The way to the coldest city in the world is finally open, with a railway that runs for 900km on the permafrost of Northern Russia.


Russia’s new “Permafrost Express” has officially made its first journey on 27 July. The Express runs on a line branching off from two of the most famous railway lines in Russia (and probably the world) – the Trans-Siberian line, connecting the country’s capital Moscow to Vladivostok on Golden Horn Bay; and the Baikal-Amur Mainline, which runs parallel to the Trans-Siberian through the Russian Far East.


The Baikal-Amur Mainline (also known as BAM) branches off of the Trans-Siberian at Tayshet, while the new Permafrost Express detaches itself from the BAM at Tynda, running north towards the coldest city on the planet, Yakutsk on the Lena River. Yakutsk is Russia’s diamond capital and the largest city in the world built on continuous permafrost, and temperatures are an average of -10.4°C, while the all-time low ever registered was in the 1860s, with the thermometers dropping to -64.4°C.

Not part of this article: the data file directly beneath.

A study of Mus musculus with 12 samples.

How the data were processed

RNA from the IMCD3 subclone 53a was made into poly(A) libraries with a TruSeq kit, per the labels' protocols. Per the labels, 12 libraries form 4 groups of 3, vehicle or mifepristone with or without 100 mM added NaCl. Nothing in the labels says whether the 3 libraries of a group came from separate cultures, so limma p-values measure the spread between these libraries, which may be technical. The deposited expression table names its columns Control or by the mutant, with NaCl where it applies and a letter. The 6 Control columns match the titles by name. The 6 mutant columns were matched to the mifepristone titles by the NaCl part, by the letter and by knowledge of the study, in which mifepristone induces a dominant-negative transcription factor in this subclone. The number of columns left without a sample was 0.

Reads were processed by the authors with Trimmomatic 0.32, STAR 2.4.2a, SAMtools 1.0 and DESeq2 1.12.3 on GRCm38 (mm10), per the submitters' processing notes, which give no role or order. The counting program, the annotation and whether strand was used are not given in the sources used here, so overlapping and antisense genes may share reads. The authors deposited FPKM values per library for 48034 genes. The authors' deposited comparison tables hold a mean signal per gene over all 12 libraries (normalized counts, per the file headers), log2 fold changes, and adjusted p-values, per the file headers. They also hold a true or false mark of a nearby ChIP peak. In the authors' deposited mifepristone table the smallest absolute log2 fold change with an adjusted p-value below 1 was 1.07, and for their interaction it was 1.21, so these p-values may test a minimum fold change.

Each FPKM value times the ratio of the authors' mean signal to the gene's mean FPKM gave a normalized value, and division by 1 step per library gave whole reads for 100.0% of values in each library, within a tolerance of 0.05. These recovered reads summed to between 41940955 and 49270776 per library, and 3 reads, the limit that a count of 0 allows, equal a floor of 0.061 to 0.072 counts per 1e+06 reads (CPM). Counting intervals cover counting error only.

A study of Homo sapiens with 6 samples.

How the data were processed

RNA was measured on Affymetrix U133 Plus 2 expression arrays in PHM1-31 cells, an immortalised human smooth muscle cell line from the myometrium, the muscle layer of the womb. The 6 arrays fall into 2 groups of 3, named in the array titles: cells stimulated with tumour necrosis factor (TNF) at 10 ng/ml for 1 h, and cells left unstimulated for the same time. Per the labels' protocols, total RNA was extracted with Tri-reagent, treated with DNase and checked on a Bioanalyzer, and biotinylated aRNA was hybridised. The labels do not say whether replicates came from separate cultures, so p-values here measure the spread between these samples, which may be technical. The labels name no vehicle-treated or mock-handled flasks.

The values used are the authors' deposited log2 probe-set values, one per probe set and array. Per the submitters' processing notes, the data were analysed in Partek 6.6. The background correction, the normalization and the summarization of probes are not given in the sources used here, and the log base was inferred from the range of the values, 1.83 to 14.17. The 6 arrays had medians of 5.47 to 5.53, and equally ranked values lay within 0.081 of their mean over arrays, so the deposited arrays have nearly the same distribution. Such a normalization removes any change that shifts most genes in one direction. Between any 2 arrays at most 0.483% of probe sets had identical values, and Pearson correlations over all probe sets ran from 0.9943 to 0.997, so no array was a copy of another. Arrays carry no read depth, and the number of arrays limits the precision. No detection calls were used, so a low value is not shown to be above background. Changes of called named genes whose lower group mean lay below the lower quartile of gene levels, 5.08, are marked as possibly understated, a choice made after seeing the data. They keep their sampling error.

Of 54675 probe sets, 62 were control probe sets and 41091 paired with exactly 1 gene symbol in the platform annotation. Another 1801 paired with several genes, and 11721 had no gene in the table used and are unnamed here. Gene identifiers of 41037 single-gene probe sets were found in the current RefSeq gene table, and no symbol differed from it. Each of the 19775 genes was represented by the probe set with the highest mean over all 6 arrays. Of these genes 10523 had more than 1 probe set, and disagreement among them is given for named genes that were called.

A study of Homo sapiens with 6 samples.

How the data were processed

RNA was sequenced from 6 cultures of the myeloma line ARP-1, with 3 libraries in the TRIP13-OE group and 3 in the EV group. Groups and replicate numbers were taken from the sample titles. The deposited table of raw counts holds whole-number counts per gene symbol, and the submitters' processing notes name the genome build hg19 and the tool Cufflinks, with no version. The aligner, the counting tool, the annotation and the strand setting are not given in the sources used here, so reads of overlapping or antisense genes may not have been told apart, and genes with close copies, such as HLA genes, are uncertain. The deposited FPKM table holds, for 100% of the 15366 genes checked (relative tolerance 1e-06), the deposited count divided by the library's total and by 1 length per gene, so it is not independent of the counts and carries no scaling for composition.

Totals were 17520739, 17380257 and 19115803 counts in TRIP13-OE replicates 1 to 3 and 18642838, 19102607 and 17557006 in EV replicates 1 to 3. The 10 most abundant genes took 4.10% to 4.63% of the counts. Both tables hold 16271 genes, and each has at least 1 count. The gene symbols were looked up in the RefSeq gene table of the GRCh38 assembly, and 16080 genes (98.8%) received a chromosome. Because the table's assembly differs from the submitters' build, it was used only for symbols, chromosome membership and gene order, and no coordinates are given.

Before the Permafrost Express, Yakutsk was served only by two small airports and was absolutely inaccessible by road. And while this new railway technically stops at the Nizhny Bestyakh station, on the other side of the river from Yakutsk, it has definitely helped in the opening of a road that was once only available to cargo.


The Permafrost Express adds 1200km (900 of which built on permafrost) to the already existing 9280 of the Trans-Siberian line, a major feat of engineering which started during the reign of the second to last Russian tsar, in the 1890s. It's still being expanded to this day – with works like the BAM and the new Permafrost Express, also known as the “Little BAM” because of the similar challenges the cold climate posed to their construction.


With the Permafrost Express functioning and carrying new adventurers through the heart of Siberia, there are already talks of the possibility of expanding the line northwards and into Alaska, when the hypothetical Bering Strait crossing will be up and running. That way, travellers could potentially travel from London to New York City by train instead of flying.